FLORHAM PARK, N.J. - When the doctors came to Jets head coach Adam Gase on Wednesday night to talk about Sam Darnold, he said he had a feeling that his quarterback had mono. Somehow he just knew in his "gut" that the news was going to be bad.
Unfortunately for Gase, he was right.
And it's likely going to get much, much worse.
Losing their promising franchise quarterback for possibly up to a month or more is obviously an enormous hit for a franchise that really thought this was the year it would finally arrive as a true playoff contender. But that wasn't the only body blow their hopes and dreams took, either.
The Jets will also be sweating out an MRI on Le'Veon Bell's shoulder for the next 24 hours. Linebacker C.J. Mosley and prized rookie DT Quinnen Williams are still not practicing and uncertain when it comes to playing in Week 2. And Demaryius Thomas, the receiver they acquired after losing Quincy Enunwa for the season, has a hamstring injury.
A cynic, or perhaps a long-suffering Jets fan, can't help but wonder if this franchise is cursed.
Gase, for what it's worth, is neither of those things. He took the Monty Python approach of always looking on the bright side of life.
"I look at it like this: It starts with me with my attitude," said Gase, after delivering the scroll of bad news to the media. "Same thing with Joe (Douglas), Christopher (Johnson). Everybody at the top. What's our attitude going to be? Is it going to be woe is me, the sky is falling? Or this is a challenge we're going to embrace?"
Well, it certainly is a challenge the Jets are facing. Everyone can hold off on panicking about Bell for now (even Gase seemed to think Bell's issue was going to turn out to be little more than "soreness"). But the loss of Darnold, even for a short period of time, is a devastating blow.
Because, let's face it, the Jets were going to be in a bit of trouble even with Darnold at full strength. The offense looked terrible in the their opening-day loss to the Bills, and was suddenly forced to search for answers about how to replace Enunwa. And they were doing that while facing a daunting schedule that includes the Browns on Monday night, followed by a trip to New England on a short week, followed by games against the Eagles, Cowboys and Patriots again after the bye.
A fast start against that murderer's row already seemed unlikely. Now, putting aside the emotional blow of losing their leader, how in the world is backup quarterback Trevor Siemian supposed to guide them through that? Even if Darnold returns after the bye -- which at this point seems like the best-case scenario -- and can regain his strength quickly enough to start in Philadelphia on Oct. 6, he might be trying to dig the Jets out of an 0-3 hole at that point.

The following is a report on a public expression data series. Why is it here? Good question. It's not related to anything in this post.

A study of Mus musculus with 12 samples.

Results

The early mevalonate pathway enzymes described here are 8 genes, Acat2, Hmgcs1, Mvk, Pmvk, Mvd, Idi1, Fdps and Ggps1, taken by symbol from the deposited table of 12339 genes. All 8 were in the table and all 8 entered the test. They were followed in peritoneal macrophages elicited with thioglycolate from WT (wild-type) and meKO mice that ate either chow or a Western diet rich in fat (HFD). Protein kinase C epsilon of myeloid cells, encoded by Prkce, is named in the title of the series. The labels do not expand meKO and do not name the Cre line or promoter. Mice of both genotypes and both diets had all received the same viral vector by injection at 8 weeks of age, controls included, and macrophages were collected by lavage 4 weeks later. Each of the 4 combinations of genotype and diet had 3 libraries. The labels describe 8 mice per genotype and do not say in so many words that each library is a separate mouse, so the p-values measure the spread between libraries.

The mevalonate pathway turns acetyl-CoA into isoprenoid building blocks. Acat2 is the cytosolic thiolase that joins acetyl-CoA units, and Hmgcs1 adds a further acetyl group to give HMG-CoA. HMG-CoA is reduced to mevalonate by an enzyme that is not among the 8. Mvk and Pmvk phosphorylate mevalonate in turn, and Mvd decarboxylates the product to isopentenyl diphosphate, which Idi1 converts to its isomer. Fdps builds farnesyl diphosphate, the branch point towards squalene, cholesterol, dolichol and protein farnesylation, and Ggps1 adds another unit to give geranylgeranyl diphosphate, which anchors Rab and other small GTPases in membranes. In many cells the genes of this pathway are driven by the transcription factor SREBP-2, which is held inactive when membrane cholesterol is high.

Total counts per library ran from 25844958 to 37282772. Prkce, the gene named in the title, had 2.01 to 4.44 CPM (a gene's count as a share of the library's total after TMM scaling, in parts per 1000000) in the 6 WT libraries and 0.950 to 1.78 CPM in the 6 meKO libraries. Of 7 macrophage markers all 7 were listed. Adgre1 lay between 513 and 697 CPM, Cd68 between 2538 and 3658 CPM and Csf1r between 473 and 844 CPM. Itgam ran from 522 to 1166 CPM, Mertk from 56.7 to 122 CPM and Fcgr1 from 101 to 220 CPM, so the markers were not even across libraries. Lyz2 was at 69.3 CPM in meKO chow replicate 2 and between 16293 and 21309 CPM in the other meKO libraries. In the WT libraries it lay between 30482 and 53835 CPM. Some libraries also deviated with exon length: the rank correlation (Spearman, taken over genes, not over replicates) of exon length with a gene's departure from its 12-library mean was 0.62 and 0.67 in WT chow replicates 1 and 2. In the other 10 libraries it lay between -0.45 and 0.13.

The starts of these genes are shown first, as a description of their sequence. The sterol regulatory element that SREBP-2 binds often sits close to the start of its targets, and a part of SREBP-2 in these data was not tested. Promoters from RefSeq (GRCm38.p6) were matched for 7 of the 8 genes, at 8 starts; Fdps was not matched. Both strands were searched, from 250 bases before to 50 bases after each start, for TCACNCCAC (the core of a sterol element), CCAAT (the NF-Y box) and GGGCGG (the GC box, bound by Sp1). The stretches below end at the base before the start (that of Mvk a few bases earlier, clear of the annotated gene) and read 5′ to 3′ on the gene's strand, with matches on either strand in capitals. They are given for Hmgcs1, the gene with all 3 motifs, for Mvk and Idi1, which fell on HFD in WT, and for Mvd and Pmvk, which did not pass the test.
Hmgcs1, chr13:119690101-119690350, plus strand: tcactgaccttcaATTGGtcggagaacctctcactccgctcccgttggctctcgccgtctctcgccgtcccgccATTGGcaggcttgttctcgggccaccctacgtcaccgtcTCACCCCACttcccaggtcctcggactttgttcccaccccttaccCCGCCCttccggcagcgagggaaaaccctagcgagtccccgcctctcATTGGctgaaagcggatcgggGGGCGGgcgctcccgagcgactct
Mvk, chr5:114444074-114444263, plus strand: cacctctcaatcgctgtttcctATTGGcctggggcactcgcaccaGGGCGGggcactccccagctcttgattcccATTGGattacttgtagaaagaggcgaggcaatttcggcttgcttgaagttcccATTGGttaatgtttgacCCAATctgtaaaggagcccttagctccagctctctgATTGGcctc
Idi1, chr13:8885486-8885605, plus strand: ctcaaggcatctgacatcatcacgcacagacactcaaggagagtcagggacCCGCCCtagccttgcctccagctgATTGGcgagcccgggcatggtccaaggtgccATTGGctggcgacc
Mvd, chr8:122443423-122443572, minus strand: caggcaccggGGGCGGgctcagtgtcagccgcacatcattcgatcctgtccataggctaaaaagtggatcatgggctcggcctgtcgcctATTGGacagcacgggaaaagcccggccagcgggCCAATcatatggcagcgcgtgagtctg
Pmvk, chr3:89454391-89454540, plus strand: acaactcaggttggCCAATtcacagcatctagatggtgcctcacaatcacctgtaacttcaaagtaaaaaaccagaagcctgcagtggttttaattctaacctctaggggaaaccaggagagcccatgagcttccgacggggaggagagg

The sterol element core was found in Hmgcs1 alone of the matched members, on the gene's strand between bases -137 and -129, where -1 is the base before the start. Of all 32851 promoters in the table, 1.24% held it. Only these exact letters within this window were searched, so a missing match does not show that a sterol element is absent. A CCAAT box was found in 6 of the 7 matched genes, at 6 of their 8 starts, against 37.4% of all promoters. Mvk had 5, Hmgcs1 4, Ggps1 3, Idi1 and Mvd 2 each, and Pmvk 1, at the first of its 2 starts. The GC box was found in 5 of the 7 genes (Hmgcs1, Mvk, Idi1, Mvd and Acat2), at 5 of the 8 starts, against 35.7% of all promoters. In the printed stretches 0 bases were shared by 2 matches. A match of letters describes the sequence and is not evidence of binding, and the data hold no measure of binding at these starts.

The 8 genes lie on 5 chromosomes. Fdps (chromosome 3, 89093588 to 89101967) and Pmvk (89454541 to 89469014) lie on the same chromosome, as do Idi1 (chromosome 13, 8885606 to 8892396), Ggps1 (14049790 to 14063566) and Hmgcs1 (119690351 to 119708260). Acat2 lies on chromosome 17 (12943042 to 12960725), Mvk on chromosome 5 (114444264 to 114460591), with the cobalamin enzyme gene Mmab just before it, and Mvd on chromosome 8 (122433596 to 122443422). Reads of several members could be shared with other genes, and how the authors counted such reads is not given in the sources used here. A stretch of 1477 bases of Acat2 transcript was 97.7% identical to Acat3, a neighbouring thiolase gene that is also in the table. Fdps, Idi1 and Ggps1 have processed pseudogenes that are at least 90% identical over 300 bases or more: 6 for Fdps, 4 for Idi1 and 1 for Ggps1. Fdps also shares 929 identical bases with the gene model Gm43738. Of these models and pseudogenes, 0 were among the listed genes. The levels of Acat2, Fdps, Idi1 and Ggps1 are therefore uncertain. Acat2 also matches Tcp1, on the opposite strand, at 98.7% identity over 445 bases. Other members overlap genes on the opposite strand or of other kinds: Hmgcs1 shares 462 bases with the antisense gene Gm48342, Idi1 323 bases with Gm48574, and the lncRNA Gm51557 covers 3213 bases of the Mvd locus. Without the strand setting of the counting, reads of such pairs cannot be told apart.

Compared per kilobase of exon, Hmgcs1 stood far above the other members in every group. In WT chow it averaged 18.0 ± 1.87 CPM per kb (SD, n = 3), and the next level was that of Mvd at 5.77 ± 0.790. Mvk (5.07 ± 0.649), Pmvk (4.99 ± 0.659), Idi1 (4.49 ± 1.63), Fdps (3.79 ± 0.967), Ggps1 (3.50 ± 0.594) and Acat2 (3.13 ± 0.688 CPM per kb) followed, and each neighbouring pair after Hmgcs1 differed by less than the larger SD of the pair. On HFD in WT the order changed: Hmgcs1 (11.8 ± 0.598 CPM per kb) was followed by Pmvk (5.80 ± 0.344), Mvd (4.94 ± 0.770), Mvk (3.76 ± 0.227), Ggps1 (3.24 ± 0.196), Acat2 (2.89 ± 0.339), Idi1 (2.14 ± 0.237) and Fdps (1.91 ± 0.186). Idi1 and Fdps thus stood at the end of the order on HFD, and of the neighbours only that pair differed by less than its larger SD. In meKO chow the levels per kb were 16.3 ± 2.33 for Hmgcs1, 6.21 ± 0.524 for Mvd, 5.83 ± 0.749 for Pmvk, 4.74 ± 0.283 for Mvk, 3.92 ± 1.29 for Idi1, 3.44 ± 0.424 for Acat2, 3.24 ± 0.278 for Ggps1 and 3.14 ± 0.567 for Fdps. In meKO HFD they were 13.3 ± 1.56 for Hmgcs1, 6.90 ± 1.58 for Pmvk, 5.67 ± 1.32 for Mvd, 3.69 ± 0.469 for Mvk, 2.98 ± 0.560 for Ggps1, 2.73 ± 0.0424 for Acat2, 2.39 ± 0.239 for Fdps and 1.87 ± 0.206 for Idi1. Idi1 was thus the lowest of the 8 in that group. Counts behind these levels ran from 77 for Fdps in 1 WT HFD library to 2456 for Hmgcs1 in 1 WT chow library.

And that would be a death knell to the Jets' season of hope.
But Gase prefers not to see the Jets' glass as half-empty -- or perhaps cracked and unable to hold any water at all. He loved Siemian and was insistent on adding him as the Jets' backup this offseason. And this, by the way, is exactly why teams should always have a veteran quarterback on the team. The 27-year-old Siemian spent two years as the starter in Denver and won more than he lost (13-11).
He may not be Darnold, but he can definitely play.
And maybe, just maybe, the team will rally around him and have enough talent not stuck in the trainers' room to pull a surprise win or two out. The Browns certainly looked overrated in their humiliating, 43-13 loss to the Titans in Week 1. And Jets defensive coordinator Gregg Williams probably knows more about the Browns' offense than anyone, since he coached there last year.
Beating the Browns without Darnold (and maybe Bell, Mosley, Williams, et. al.) may not be completely out of the realm of possibility, even if winning in New England the following week probably is.
"We're going to look back at this and this is going to be a good thing for us," Gase said defiantly, and with a completely straight face. "I think it's going to bring that locker room even tighter."
In fact, he said, when he spoke to the team on Thursday morning and broke the news to them about Darnold, "The reaction I got," Gase said, "and the way guys looked, was 'Let's go.'
"There's confidence there."
That's great news for the Jets -- about the only positive news they had on a dreary Thursday morning. But confidence tends to be a very fragile thing. They are officially now holding their season together with duct tape and Band-Aids. The reality is that if they can't find a way to survive the next few weeks, their playoff hopes won't survive at all.